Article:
The Ontario Government has kicked off its massive COVID-19 inoculation program, meaning more and more people will have access to the vaccine over the coming months.
But not all of us.
The Barrie Police Service is giving out a preemptive head’s up about the potential for COVID-19 vaccine-related phone scams, with police spokesperson Peter Leon saying these scams play off our desperation. “We all want to see an end to this, we all want to have a return to whatever our new world is going to be,” Leon told Barrie 360. “The reality of it is, it’s going to take time.”
Leon says vaccine program information is coming directly from the Ontario Government, not from third parties. “It’s very thorough, it’s very detailed. And it’s something that will ensure that everybody who wants to receive the vaccine can and will receive that vaccine.”
Leon adds these scams could be aimed at the more vulnerable among us. “We need to make our parents, especially if they’re in their senior years, aware that you have coverage in Ontario for the vaccine; you don’t have to pay money upfront to reserve a vaccine or anything to do with it,” he said. “We’re just simply reminding seniors that if you receive a text message, a phone call, and email, if you don’t recognize who the phone number is, or the sender, don’t even open it, just delete it.”
While Barrie Police are highlighting the need for education on these types of scams, Leon points out there haven’t been any reports of this particular crime in Barrie. “This just as a precautionary measure more than anything else,” Leon added. “Now’s the time to continue educating the public so that we can prevent anything from taking place. Let’s keep money where it belongs.”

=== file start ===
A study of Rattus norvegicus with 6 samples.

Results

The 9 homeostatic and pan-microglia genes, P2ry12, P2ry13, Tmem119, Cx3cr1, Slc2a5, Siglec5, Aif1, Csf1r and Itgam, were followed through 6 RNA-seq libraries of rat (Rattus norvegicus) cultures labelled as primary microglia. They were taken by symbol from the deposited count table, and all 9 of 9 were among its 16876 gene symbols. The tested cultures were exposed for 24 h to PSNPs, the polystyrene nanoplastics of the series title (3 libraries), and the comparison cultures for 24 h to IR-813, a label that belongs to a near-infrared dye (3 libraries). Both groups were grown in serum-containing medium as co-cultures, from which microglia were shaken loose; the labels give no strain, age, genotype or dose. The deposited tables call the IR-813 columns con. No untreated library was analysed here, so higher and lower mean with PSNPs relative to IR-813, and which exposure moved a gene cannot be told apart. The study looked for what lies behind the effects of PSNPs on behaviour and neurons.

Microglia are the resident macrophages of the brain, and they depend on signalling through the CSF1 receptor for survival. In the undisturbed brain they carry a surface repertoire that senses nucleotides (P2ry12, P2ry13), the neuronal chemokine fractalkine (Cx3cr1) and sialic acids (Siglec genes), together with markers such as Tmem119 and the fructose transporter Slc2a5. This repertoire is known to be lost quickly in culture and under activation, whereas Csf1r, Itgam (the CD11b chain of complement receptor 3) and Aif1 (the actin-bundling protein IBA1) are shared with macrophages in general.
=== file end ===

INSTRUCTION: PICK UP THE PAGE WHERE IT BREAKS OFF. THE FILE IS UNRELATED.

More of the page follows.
“These people don’t take Christmas holidays. They’re out to scam people every day of the year that they can, and if we can prevent one scam from happening, we’ve succeeded,” Leon concluded.
The first phase of the province’s inoculation program prioritizes those living or working in long-term care homes, healthcare workers, those in high-risk Indigenous communities, and those receiving chronic healthcare. It is expected the vaccination of these groups will take several months, potentially until April, before the vaccine is made available to a wider segment of the population.